New Academic Schedule: Pilot in Action

One of the exciting features of Agnes Irwin’s academic programming in 2019-2020 will be the launch of a new academic schedule, designed around key research on how girls learn best. This new custom schedule — more than 18 months in the making — will provide our girls with deeper learning opportunities, including more space for interdisciplinary, experiential, and cross-divisional projects, and continue to place Agnes Irwin at the forefront of girls’ education.

This work flows from our bold Strategic Plan, Leading Girls’ Education, which we launched two years ago to guide the work of our school for the next five years. The strategic initiatives outlined by our plan inspired us to design an academic schedule that better realized our goal of Igniting Curiosity and Creativity in our students. As a result, a large group of faculty and administrators worked with Dr. Natalie Nixon, a design thinking strategist from Figure 8 Thinking, and gathered feedback from teachers, parents, and students, on what an ideal academic schedule would look like. After many hours of brainstorming and refining ideas, the committee converged on five design principles that are at the core of our new schedule. These principles are:

  • The schedule will be flexible;
  • Will provide opportunities for interdisciplinary work;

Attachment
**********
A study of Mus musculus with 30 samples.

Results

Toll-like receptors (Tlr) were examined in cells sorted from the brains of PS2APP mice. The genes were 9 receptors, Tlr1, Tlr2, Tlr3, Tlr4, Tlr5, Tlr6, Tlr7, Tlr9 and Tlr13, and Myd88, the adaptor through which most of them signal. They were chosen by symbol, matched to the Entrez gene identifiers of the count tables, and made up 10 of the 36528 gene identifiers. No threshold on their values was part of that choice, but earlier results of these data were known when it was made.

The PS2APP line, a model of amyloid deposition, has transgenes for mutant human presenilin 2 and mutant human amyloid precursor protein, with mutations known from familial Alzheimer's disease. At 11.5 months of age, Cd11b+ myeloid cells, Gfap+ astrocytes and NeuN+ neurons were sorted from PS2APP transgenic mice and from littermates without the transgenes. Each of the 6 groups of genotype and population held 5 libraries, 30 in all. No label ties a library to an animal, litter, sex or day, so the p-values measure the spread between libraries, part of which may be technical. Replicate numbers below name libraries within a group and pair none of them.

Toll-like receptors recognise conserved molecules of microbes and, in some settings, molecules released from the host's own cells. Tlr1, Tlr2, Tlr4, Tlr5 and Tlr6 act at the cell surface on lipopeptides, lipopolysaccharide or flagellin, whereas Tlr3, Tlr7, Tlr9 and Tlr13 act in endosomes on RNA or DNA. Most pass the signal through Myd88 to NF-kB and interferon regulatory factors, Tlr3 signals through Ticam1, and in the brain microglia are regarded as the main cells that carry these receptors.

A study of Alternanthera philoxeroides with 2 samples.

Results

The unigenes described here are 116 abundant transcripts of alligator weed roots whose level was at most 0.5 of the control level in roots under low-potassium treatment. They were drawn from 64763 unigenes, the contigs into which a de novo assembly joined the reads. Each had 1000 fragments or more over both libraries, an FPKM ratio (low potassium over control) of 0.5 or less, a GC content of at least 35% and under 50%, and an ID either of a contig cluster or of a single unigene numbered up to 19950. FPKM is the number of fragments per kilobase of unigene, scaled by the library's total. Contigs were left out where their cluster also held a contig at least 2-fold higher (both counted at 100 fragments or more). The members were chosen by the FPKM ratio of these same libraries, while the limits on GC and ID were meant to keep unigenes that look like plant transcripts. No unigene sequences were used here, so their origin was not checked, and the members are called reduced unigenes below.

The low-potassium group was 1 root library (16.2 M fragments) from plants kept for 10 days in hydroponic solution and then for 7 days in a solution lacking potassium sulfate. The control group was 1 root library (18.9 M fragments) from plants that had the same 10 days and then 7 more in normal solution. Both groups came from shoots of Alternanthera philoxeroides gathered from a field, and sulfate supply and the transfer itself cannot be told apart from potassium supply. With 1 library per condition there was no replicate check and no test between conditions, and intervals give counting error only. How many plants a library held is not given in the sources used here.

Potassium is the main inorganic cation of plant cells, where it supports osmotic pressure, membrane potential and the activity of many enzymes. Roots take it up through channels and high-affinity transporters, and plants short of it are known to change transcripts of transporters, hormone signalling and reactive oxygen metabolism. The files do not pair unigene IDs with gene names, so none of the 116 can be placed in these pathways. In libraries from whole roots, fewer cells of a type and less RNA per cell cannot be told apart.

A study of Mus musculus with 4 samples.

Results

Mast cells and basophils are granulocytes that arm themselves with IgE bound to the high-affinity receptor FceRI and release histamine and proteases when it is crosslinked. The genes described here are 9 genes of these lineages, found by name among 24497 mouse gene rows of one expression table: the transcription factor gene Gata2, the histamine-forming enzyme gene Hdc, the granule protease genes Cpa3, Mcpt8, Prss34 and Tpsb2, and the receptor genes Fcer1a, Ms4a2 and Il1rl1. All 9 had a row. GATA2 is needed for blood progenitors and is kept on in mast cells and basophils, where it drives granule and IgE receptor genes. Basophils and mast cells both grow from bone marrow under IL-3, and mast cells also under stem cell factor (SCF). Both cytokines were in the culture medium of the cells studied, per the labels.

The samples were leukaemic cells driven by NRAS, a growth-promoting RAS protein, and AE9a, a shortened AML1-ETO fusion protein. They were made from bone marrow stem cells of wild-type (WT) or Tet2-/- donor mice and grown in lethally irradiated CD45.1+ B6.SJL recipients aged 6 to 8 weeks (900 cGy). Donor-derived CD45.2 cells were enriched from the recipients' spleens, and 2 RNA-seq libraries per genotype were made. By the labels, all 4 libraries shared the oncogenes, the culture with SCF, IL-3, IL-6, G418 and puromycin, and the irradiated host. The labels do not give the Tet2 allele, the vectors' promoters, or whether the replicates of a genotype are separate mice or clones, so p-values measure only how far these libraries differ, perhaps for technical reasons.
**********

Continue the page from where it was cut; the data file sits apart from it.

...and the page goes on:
• Will promote balance and wellness;
  • Will be developmentally aligned; and
  • Will provide opportunities for interdisciplinary learning.

This week, we piloted elements of the schedule for the first time in order to experience the schedule in action, and received feedback from our students and faculty.

Our teachers leaned into this opportunity and created deeply engaging experiences for our students across all three divisions. As we stopped by classrooms, science labs, art studios, and gathering spaces, we saw examples of how the new schedule provides for enhanced creative, interdisciplinary, and experiential teaching and learning. Fifth graders, who are studying ancient civilizations in their history classes, worked alongside our upper school Mandarin language students and learned about Ancient China and the foundation of drawing Chinese characters. Tenth grade chemistry students conducted an investigative lab experiment over the extended time, learning in authentic ways how true scientists undertake their work. In Lower School, prekindergarten, kindergarten, and first graders worked with their twelfth grade buddies on various design projects to help advance their science and engineering skills, ranging from Rigamajig and paper block building, to building spaghetti towers and designing beds for their favorite stuffed animals.

We have learned much during this first phase, which will continue to inform our work as we finalize the academic schedule. Middle and Upper Schools will test other elements of the new academic schedule on March 5 and 6, and all three divisions will follow the final schedule for a full week starting on April 1.

We are proud of our teachers, who continually seek out ways to apply the research on what is best for girls in their classrooms, who work creatively to design rigorous and meaningful learning experiences, and are dedicated to igniting curiosity and creativity — for themselves, and most importantly, for our students. We are grateful for our bright and curious students, who walked into school with an openness and eagerness to experience the opportunities our new academic schedule has to offer.

Every day, and especially this week, we made Agnes Proud, and we look forward to sharing more updates in April.